I went to my doctor for an annual physical. I was fine. Yeah, blood pressure was too high, thanks to the deadly combination of heredity, job stress and white coat disease. I was still the editor of the newspaper at the time; I could have been hyped up by any number of things.
I asked him to look at a dark, raised spot on my temple. Like a mole, but a mole that hadn’t been there a month ago.
“Hmmm,” he said, and he scratched it with his fingernail as if it were a piece of dirt. It wasn’t. It started bleeding. “I think I’ll take a piece of that for testing. Or, how about I cut it all out and I send it for testing?”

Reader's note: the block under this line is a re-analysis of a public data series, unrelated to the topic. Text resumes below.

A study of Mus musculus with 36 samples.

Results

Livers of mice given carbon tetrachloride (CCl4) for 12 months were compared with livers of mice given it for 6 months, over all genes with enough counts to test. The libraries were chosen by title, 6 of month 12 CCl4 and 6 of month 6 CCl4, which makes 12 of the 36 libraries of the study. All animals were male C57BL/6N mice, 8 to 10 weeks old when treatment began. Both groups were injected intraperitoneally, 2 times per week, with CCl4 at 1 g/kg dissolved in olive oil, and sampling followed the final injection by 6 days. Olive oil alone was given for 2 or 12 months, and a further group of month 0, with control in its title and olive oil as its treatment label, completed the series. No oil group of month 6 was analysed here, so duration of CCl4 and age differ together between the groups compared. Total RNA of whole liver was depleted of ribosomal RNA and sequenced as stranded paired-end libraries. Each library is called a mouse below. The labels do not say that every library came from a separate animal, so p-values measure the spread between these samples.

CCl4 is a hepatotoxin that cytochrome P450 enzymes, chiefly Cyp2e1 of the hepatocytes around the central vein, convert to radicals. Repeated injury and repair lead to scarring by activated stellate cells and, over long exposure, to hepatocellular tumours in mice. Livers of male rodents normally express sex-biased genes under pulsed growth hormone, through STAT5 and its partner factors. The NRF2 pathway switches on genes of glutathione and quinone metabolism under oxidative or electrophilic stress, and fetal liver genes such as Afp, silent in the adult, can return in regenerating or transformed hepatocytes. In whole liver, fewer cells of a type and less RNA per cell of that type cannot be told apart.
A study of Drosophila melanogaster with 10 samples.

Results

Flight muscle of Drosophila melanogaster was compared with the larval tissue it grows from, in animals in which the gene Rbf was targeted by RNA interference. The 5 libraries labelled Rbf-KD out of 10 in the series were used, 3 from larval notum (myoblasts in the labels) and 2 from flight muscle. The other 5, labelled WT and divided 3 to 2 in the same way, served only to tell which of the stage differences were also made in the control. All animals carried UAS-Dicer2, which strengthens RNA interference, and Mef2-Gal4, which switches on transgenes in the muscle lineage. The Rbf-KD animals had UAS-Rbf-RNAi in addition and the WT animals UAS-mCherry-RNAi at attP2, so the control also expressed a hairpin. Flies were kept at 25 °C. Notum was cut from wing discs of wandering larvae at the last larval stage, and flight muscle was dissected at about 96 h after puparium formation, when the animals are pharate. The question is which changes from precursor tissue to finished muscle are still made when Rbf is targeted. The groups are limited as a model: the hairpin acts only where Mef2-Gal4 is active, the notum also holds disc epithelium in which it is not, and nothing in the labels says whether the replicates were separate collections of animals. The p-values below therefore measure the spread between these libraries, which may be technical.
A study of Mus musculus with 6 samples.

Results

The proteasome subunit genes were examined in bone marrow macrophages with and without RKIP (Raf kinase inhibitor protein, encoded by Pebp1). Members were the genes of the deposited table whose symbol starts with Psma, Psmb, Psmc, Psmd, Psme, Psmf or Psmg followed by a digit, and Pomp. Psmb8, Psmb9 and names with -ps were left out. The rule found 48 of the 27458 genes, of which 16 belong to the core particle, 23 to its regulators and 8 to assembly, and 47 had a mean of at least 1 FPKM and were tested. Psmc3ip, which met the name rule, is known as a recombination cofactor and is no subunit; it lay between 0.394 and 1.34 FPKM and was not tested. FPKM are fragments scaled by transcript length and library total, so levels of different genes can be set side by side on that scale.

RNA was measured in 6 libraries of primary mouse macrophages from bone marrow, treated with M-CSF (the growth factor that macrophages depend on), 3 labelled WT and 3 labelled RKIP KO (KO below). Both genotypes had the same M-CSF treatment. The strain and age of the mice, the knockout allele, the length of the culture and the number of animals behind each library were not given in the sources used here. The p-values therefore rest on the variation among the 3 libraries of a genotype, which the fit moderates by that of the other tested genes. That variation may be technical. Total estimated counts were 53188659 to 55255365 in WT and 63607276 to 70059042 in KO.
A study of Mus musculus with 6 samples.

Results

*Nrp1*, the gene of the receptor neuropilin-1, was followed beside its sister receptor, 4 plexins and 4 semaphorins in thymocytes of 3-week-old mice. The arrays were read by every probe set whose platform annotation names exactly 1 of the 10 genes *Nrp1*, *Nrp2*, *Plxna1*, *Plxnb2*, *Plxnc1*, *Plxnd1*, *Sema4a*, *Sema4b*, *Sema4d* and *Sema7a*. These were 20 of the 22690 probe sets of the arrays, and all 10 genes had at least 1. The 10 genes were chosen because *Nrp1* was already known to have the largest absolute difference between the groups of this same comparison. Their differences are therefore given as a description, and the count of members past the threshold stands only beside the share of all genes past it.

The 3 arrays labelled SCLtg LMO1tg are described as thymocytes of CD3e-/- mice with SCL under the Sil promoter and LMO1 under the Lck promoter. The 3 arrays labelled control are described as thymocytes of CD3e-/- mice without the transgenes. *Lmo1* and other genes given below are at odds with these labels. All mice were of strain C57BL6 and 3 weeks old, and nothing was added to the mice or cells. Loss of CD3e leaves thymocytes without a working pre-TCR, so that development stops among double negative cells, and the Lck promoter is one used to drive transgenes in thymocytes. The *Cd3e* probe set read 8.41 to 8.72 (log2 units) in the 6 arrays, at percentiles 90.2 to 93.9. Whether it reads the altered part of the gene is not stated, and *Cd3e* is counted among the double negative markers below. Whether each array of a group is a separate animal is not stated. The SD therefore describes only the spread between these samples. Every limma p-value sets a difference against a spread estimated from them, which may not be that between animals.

“What is it?” I asked.
He said it could be basal cell carcinoma, precancerous keratosis or nothing. “Probably nothing,” he said, “but who knows?”
Yeah, great. Take it all.
He had me lie down on my side, and he placed a white paper cover over my head. The “probably nothing” was on the same latitude as my eye and about an inch away. A hole was cut in the paper where he’d have access to it. He numbed me and started cutting. I didn’t feel anything but some tugging on the skin. I was fine.
Then he started talking:
“Let me tell you what I really don’t like about the paper,” he said,
“Doc, let’s not,” I said, “while you have that scalpel an eighth of an inch from my brain.”
“Oh, right,” he said. “One slip and I’ll be on the front page won’t I?”
“We both will,” I said. “And neither of us will like it.”
He was quiet, the removal was uneventful, and the lesion was nothing.
As it turns out, he didn’t like the way we covered kids’ soccer, of all things.